This Smoked Brisket Sandwich features a homemade spice rub – it’s a favorite summer recipe!
I was born in Texas, and I still have family living in east Texas. Barbecue and smoked meats are a way of life down there. Heck, I remember visiting my Dad a couple of years ago for Thanksgiving. We ate Thanksgiving lunch with the family and then headed back home to Dallas. For dinner that night, we stopped and grabbed brisket sandwiches. Seriously? Who eats smoked brisket on Thanksgiving Day? Folks in Texas, that’s who! Even though I’ve moved all over the South and I now live in upstate New York, I still have an unstoppable craving for delicious, smoked meats.
I thought about adding other toppings to this Smoked Brisket Sandwich, but I decided to keep it simple. I just sliced the brisket up and layered it on the sandwich. The smoked meat is loaded with flavor, and I did add just a touch of barbecue sauce to the top. That’s pretty much it. Nice and simple. Just the way I like it!
My wife got me a smoker for my birthday several years ago, and I absolutely love it! Here’s a couple of handy smoking tips that I’ve picked up:
- Use Lump Charcoal. Unlike charcoal briquettes, lump charcoal is actually made out of wood. It also burns much longer and produces less ash than briquettes…it’s absolutely a must when it comes to smoking!
- Use Wood Chunks instead of Wood Chips. Similar to lump charcoal, wood chunks burn much slower than smaller wood chips. Wood chips are great for grilling, but I prefer chunks when smoking.
- Use a probe-style meat thermometer. This is absolutely essential! When smoking meat, it’s important to leave the lid of the smoker closed as much as possible. (When you’re lookin’, you aren’t cookin’!) A probe-style thermometer makes it possible to monitor the internal temperature of the meat without ever opening the lid of the smoker.
- Adjust the temperature gradually (if needed). Adjusting the temperature on a smoker is more like driving a boat rather than a car. Just make slight adjustments to the air valves as needed.
- Leave yourself plenty of time! Smoking isn’t hard at all, but it does require time. Pick a day when you have chores to do around the house or in the yard. You won’t need to stand there and watch the smoker all day (I mean I guess you could), but you should plan on being nearby! (Tip: Since smoking takes a good bit of time, I usually don’t try to have it ready for dinner that night. The time crunch just adds stress…and you can’t rush low-and-slow!)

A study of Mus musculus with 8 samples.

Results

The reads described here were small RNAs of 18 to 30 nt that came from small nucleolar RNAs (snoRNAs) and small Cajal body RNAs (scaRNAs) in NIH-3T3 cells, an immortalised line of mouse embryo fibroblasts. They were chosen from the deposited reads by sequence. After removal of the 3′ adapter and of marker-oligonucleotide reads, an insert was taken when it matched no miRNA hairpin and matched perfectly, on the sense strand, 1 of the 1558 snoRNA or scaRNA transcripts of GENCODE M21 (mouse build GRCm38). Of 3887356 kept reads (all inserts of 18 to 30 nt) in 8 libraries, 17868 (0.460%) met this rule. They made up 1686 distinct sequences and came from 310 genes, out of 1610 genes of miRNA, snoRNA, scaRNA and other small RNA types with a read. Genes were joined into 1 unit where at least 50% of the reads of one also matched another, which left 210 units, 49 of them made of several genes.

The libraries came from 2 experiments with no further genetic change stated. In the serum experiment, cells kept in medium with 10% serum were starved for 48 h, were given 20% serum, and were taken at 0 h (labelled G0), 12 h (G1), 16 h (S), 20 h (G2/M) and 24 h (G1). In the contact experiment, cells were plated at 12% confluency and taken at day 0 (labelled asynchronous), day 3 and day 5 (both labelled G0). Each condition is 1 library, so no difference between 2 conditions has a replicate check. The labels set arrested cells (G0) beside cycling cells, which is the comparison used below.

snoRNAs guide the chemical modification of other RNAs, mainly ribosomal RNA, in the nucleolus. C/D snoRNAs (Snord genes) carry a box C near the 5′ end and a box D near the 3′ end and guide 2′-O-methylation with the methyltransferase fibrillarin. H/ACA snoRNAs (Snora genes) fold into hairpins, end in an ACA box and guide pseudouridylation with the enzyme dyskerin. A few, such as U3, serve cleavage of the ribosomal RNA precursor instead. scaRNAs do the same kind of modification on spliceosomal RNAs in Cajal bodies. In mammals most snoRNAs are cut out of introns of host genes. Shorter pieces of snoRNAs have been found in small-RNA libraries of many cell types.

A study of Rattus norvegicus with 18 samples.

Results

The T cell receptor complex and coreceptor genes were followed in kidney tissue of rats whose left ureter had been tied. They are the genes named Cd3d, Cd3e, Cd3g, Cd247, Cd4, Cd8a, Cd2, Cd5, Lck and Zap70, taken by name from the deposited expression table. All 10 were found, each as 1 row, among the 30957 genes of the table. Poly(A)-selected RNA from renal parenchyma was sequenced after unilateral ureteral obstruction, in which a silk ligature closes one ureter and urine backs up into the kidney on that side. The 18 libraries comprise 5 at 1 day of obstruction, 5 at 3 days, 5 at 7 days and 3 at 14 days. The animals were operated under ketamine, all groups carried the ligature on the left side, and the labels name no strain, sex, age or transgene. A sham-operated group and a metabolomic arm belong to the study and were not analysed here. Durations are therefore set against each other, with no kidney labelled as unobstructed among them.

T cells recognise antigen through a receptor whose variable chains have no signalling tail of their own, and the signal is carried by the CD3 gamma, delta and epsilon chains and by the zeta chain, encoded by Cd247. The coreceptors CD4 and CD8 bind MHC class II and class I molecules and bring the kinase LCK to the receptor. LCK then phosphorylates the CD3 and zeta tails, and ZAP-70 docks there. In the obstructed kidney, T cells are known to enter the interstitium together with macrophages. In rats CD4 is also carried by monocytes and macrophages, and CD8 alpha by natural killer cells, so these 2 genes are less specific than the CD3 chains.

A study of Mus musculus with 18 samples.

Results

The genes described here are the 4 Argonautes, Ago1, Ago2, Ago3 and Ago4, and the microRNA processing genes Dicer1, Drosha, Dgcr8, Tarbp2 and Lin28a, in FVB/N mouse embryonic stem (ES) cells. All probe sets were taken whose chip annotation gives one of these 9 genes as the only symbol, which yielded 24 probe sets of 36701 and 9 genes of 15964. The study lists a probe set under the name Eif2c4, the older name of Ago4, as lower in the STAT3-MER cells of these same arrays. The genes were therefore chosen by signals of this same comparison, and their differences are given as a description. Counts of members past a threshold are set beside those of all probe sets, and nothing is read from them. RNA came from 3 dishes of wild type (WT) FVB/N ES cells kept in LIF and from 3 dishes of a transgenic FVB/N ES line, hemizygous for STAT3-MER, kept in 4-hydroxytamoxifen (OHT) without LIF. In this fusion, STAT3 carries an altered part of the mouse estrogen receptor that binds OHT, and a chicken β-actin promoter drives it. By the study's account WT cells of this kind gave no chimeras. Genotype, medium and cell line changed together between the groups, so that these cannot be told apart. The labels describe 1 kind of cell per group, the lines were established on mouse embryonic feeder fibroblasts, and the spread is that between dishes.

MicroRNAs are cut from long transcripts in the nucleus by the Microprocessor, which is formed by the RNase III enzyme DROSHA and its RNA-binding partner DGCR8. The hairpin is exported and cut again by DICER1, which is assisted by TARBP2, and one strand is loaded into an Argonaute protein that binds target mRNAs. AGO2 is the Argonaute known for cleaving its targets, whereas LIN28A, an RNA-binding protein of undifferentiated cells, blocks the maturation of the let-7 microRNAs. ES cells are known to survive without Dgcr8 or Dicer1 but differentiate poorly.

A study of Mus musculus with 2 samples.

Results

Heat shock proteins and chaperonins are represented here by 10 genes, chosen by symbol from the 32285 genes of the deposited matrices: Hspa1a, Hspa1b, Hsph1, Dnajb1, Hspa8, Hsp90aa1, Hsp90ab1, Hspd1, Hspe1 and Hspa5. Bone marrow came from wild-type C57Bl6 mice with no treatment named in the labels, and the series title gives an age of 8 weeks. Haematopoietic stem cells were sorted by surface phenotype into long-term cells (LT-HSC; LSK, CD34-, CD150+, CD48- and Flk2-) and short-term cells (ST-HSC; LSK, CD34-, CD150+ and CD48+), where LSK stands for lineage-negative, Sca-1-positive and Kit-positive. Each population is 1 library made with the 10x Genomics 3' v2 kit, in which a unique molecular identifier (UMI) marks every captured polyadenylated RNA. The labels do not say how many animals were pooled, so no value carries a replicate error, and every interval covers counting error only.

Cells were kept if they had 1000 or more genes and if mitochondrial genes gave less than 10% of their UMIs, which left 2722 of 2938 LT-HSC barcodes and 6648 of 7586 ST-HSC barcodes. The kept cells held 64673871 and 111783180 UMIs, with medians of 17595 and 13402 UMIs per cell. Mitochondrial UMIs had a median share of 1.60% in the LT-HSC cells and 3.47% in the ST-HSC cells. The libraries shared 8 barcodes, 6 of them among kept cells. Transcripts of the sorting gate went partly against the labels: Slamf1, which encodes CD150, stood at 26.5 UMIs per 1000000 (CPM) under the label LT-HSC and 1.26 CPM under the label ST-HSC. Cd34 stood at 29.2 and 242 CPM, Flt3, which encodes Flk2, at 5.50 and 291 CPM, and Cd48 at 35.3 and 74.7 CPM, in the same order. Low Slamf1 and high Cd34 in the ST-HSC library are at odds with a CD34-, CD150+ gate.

- Have fun creating different rubs. I really like the one included in this recipe! It’s slightly spicy with just a hint of sweetness…and it works perfectly for the brisket. Remember, only the outer portion of the meat will have the rub on it, so it’s totally fine if the rub is a bit on the sweet or spicy side!
Smoked Brisket Sandwich
For the Brisket
- 6-7 pound beef brisket
- 4-5 large apple wood chunks
- lump charcoal
- large disposable aluminum pan
- 3/4 cup beef or vegetable stock
For the Spice Rub
- Preheat the smoker to 225°-235°F.
- Using a small bowl, mix together all of the ingredients for the Spice Rub.
- Generously apply the Spice Rub to all sides of the brisket.
- Once the smoker has reached a stable temperature, add the wood chunks directly to the coals. Put the grate in place and put the brisket on the grates with the fat cap (the fattier side) up. Insert a probe thermometer into the center of the brisket, close the lid, and walk away.
- Occasionally check the temperature of the smoker to ensure it stays around 230°F +/- 10°.
- When the internal temperature of the brisket reaches 165°F, remove the brisket and place in the disposable aluminum pan. Pour the stock into the pan and then wrap the pan (brisket and all) with aluminum foil and place it back on the smoker.
- When the internal temperature of the brisket reaches 200°-205°, remove the brisket from the smoker. Leave the brisket in the aluminum pan and let it rest for at least 1 hour before slicing.
- Generously butter the inside portion of both sides of the sandwich buns. Place the buns (butter side down) in a large frying pan and cook on medium heat for 2-3 minutes.
- Slice the brisket as thinly as possible and layer several pieces on top of the toasted bun. Add barbecue sauce and enjoy!